Discussing salary requirements is typically one of the most challenging and uncomfortable aspects of any interview process. When the salary question is asked, it's not unusual for many candidates to squirm or offer a blank stare in response.
There are many variables that influence what a company has budgeted and can pay a new employee for a position. The pressure is elevated when salary is intentionally not referenced in a job description. At some point during the interview process, the dreaded question, "What are your salary requirements?" will inevitably emerge.
Never jump the gun
As a rule of thumb, never broach the subject of money or salary negotiations until you're confident that you're the candidate of choice or an offer has been extended. Typically, when salary is brought up in the later stages of the interview process, rest assured it's because there is genuine interest in you and the company is seeking to determine what compensation will attract you. As a candidate, always allow the employer to raise the topic first.
If the interviewer raises the subject of salary early during the interview process, the relatively benign response — "What is your salary range for this position?" — is quite appropriate. Although somewhat evasive, it serves as a litmus test whether to pursue this particular position. Thoroughly understand what the company's needs and expectations are before committing yourself with any salary requirements and fencing yourself in prematurely.
Perform your research in advance
Undoubtedly, salary discussions and negotiations are a delicate process. You're reluctant to reveal your previous salary for fear of underselling yourself and leaving money on the table. Conversely, in today's fiercely competitive job market, you have prevailing concerns about raising the bar too high for fear of excluding yourself from an opportunity by being too aggressive. As part of your due diligence, always prepare for salary discussions, which may surface at any time during the interview. A few helpful online tools to assist include salaryexpert.com, payscale.com and NACEweb.org.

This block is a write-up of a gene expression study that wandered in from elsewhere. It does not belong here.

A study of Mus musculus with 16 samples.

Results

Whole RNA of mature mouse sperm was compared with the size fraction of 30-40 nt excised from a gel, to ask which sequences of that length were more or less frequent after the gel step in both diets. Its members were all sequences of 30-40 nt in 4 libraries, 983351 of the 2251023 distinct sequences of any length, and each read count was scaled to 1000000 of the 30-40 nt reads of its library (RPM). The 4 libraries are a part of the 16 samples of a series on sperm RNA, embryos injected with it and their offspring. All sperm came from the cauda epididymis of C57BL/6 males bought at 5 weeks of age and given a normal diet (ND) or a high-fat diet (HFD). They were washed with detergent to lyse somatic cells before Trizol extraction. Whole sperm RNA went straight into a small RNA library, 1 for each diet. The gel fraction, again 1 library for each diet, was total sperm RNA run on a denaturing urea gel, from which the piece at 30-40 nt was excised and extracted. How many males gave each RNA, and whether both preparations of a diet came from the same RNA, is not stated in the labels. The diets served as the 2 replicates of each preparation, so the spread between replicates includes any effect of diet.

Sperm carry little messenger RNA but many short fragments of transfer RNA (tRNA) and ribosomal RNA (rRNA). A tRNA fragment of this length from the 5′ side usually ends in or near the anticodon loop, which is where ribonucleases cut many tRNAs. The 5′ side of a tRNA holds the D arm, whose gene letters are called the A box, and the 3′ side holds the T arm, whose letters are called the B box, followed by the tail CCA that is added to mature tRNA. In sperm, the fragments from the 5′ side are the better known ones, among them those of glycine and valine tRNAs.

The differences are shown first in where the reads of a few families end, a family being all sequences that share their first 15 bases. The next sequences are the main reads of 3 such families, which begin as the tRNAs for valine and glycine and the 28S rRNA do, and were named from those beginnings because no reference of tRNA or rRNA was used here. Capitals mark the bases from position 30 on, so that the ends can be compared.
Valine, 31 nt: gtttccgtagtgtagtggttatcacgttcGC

Consider the entire compensation package
Understand that your compensation does not include salary alone. Give serious consideration to the entire package being offered. You may be able to negotiate perks as part of your overall package. Besides salary, health insurance, such perks may include bonuses, an expense account, extra vacation, personal time, a PC. Don't forget to inquire about travel requirements and other job-related activities that may have a direct impact on your total hours.
Don't be caught with a blank stare
Salary negotiations should be thoughtfully and proactively planned with the same diligence as purchasing a car or home. When asked about your salary expectations, a safe and strategically appropriate response is — "It is negotiable."
The preference is to take the employer's lead before placing your cards on the table. If this option does not materialize, propose a realistic salary predicated on your prior research and financial needs and test the waters.